Highlights from : "Vagus Nerve" by David Reyes

1.The Vagus nerve is an incredible part of your body. It is long, meandering, and powerful. It is unique and complex. It is truly amazing! Sometimes called CNX, this is the tenth cranial nerve, and it extends from the base of your skull to your colon. Along the way down from your brain stem, the Vagus nerve makes several stops along the way, extending in various areas, and acting as an information “highway” for your body to tell the brain what it is experiencing, and for the brain to tell the body how to respond. And in many instances, this is all happening subconsciously!

2. Your blood pressure lowers and heart rate slows down when the Vagus nerve is stimulated.

3. Otto Loewi, a physiologist from Germany, identified the connection between a stimulated Vagus nerve and acetylcholine, a neurotransmitter. It was early in the 1920’s when Loewi recognized that the Vagus nerve sent the message to release this, and its primary function is to calm the body and mind when it is experiencing stress.

4. And one of the best and easiest methods for triggering the release of this neurotransmitter is by breathing deeply very slowly.

5. “Controlling” your Vagus nerve, or learning how to work with it, is important because you can keep it functioning properly. If it becomes over-stimulated, you can experience responses like emotional disturbances, added stress, and anxiety.

6. An overactive Vagus nerve can lead to increased stress and anxiety. An underactive Vagus nerve can lead to gastroparesis, which then can lead to diabetes.

7. Techniques to self-stimulate the Vagus nerve include:
  • Engaging your abdominal muscles
  • Acupuncture
  • Chewing gum
  • Prayer
  • Resting on your right side
  • Tai chi
  • Massage
  • Fasting, particularly intermittent fasting
  • Laughter
  • Engaging in positive social relationships and situations
  • Yoga
  • Meditation
  • Chanting
  • Singing
  • Cold showers

8. Cold temperatures: studies have indicated that when your body has to adjust to colder temperatures, it increases your parasympathetic response system to allow you to relax, thereby inhibiting your sympathetic response. This process is overseen by your Vagus nerve. And this does not need to be an extreme exposure to cold; just a small amount of cold exposure can activate your Vagus nerve. One method you can try is dipping your face in ice-cold water or taking a cold shower. You can also expose yourself to cold by going outside in cold temperatures or standing in front of the open freezer door. Drinking ice-cold water is also effective.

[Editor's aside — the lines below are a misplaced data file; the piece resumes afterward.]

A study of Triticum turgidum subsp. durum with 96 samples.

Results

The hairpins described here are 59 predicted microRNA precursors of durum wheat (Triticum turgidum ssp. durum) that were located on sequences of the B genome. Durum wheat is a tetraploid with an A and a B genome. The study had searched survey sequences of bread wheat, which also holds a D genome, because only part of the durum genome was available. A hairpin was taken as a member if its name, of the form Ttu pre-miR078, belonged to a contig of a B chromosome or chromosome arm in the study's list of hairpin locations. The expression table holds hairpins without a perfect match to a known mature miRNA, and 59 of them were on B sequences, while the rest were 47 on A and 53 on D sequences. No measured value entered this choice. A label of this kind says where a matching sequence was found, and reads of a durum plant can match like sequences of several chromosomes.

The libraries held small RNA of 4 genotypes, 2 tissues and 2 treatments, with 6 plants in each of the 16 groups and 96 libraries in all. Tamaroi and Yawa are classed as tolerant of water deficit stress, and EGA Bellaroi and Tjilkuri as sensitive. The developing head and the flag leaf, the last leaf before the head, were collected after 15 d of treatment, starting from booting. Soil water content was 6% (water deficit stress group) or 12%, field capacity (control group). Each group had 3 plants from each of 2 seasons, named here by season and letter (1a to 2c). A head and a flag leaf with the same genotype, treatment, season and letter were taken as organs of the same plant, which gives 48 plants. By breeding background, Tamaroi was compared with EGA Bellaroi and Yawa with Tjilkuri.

9. Chant or sing. You can easily increase the variability in your heart rate when you sing. You can change this variability in different ways when you sing energetically, sing hymns, chant mantras, or hum. The reason this is effective is because of the stimulation of the vagal pump on your throat. If you sing at the top of your lungs you can engage the back muscles in your throat, activating your Vagus nerve. It also triggers your sympathetic nervous system along with your Vagus nerve. Also, singing is shown to increase oxytocin production.

10. Laugh a lot. The more you laugh the more you stimulate your Vagus nerve and calm your body. Studies have shown many times that this really is one of the “best medicines.” There are reports where people fainted from laughing too much. This is likely due to overstimulation of the Vagus nerve and the parasympathetic nervous system. The sensation becomes extreme and activates the immobilization response. In addition, people that experience this response to laughter often have an illness called Angelman’s, which is a fairly rare condition.

11. Increase the amount of zinc you consume. Zinc is a common mineral in foods and in supplements, but surprisingly many humans do not consume enough. In a study where rats were given a diet low or deficient in zinc for three days, it was clear the Vagus nerve was not functioning at full capacity. When zinc was reintroduced the Vagus nerve was activated and stimulated.